Several owners of Nascar teams in America have warned that they will back Donald Trump’s suggestion that NFL players who protest during the playing of the country’s national anthem should be sacked.
There were no signs of dissent on Sunday prior to a race at the New Hampshire Motorspeedway after the warnings, and Trump tweeted his support for the stance on Monday: “So proud of Nascar and its supporters and fans. They won’t put up with disrespecting our Country or our Flag – they said it loud and clear!”
The American president followed up almost immediately with another comment on Twitter referring to the NFL controversy that flared up in London and in the States at the weekend: “Many people booed the players who kneeled yesterday (which was a small percentage of total). These are fans who demand respect for our Flag!”
“It’ll get you a ride on a Greyhound bus,” one prominent Nascar owner, Richard Childress, had said. “Anybody that works for me should respect the country we live in. So many people gave their lives for it. This is America.”
Hall of Fame driver Richard Petty took those sentiments a step further, stating: “Anybody that don’t stand up for the anthem oughta be out of the country. Period. What got ’em where they’re at? The United States.” When asked if a protester at Richard Petty Motorsports would be fired, he said: “You’re right.”
Team owner Joe Gibbs, who won three Super Bowls as coach of the Washington Redskins, said of the anthem that, “so much has been sacrificed for our country and our flag. It’s a big deal for us to honour America.”
The controversy follows Trump’s comments on Friday, in which he called on NFL owners to fire players who refuse to stand for the national anthem. NFL players subsequently delivered a defiant message on both sides of the Atlantic on Sunday with various protests during the American anthem.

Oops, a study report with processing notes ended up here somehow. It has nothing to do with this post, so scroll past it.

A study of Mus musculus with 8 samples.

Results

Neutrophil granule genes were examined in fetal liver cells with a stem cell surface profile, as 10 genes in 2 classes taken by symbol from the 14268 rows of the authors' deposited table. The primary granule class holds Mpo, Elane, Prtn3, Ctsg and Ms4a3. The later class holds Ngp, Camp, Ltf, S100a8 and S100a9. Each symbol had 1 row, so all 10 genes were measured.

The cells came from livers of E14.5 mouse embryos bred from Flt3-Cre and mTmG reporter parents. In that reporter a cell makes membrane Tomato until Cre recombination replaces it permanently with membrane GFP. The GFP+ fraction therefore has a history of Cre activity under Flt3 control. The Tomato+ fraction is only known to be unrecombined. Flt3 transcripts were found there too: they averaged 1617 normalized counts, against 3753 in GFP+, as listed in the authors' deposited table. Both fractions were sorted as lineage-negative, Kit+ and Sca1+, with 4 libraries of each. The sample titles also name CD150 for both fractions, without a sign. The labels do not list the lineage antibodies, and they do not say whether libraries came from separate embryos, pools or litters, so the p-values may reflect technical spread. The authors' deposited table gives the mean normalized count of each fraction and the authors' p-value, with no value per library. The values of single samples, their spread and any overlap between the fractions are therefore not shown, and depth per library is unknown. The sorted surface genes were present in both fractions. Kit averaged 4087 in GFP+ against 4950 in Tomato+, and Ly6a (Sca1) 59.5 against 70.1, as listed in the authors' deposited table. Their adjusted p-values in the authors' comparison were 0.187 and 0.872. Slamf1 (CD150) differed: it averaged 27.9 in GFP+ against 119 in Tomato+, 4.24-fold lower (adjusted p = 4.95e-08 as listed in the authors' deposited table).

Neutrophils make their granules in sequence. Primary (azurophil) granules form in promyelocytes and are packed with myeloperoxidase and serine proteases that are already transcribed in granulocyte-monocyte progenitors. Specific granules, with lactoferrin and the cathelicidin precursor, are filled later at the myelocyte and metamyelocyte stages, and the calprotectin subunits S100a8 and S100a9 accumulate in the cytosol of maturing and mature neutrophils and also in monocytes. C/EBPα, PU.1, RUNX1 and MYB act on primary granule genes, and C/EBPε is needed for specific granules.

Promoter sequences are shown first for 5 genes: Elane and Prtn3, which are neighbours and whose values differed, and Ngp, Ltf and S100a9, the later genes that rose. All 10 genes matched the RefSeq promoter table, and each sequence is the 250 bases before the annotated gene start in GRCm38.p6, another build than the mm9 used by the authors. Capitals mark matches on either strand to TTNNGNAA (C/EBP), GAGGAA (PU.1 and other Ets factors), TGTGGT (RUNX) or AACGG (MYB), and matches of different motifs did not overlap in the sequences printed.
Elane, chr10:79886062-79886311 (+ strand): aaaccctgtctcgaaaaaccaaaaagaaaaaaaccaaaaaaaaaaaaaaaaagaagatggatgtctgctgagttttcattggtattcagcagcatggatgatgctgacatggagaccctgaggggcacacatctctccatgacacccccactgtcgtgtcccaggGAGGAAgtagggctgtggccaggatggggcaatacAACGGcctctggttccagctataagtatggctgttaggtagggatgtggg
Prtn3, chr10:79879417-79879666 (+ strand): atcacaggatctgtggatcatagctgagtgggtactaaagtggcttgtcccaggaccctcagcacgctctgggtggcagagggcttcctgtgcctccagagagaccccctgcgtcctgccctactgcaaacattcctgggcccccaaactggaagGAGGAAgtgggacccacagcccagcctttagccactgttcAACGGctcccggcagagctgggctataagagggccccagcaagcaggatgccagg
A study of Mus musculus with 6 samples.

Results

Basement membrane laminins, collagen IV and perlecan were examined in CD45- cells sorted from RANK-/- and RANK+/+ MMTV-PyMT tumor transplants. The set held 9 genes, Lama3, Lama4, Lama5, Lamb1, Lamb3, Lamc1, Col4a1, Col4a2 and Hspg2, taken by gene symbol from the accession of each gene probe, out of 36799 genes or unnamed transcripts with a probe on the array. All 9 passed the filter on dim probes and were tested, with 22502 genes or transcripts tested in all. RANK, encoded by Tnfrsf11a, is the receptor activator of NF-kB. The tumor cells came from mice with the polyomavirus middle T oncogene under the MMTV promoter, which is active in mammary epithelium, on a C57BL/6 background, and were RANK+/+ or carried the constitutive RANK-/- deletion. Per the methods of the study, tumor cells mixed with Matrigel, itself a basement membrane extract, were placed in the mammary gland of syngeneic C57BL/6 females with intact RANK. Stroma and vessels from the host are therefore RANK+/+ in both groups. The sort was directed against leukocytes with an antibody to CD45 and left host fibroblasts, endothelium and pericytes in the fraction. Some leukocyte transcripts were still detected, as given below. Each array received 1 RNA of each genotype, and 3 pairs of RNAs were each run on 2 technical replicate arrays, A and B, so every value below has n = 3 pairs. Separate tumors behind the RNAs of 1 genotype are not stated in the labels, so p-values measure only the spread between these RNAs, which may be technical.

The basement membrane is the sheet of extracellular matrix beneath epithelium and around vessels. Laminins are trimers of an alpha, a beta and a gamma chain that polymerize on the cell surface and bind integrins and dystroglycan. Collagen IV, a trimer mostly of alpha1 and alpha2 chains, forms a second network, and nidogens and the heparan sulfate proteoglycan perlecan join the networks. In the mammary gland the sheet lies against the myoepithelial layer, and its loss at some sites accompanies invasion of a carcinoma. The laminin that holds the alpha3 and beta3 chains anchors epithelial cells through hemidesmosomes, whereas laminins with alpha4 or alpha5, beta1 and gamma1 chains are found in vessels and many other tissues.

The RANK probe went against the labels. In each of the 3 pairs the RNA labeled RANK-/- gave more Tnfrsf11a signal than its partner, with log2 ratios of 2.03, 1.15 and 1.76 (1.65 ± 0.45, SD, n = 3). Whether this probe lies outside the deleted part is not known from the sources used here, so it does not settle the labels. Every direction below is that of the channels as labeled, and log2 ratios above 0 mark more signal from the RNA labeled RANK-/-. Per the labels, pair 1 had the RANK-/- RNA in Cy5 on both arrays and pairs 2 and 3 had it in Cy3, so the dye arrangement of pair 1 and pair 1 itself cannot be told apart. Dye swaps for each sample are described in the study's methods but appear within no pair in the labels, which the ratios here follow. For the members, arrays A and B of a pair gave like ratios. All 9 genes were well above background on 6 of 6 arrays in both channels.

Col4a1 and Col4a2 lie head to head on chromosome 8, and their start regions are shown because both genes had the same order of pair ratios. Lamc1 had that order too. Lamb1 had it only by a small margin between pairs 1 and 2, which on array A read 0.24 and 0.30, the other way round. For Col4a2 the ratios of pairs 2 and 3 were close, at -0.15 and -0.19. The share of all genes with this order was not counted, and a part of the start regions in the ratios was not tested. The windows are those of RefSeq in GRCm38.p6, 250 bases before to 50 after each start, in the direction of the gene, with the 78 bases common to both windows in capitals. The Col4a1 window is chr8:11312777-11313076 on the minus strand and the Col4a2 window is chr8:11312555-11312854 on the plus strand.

Rather than deter players from doing so, there were widespread protests, beginning with over 20 players kneeling in London before the Jacksonville Jaguars’ victory over the Baltimore Ravens. In America, the anthem was played at Nissan Stadium in Tennessee with both the Titans and Seattle Seahawks squads remaining in their locker rooms.
Trump returned to the subject again on Monday when he tweeted: “The issue of kneeling has nothing to do with race. It is about respect for our Country, Flag and National Anthem. NFL must respect this!”
The next arena for possible protests will be the Presidents Cup golf tournament between America and an international team, excluding Europe, which begins on Thursday. The high-profile NBA preseason then starts on Saturday.
Davis Love III, vice-captain for the American team at the Presidents Cup, has called for restraint.
“Any athlete can protest. Whether it’s Lebron James or Colin Kaepernick or me or anybody else, that’s an American right. But sometimes you have to put personal statements and desires aside in the name of team unity and trying to reach a common goal,” Love told Sports Illustrated magazine.
“Next year, I am [vice-captain for the Ryder Cup team]. If I talked about President Trump’s tweets and comments about the NFL and the Steph Curry and all that, I’d be putting myself ahead of the team. And I can’t do that. I have to put team first.
“Part of being a Tour player is showing restraint. When you get on the PGA Tour, they tell you: you’re representing yourself, the game, the Tour, our sponsors – all of it. You don’t just say or do as you please. When you’re representing your country, like in the Presidents Cup and the Ryder Cup, that becomes even more true.”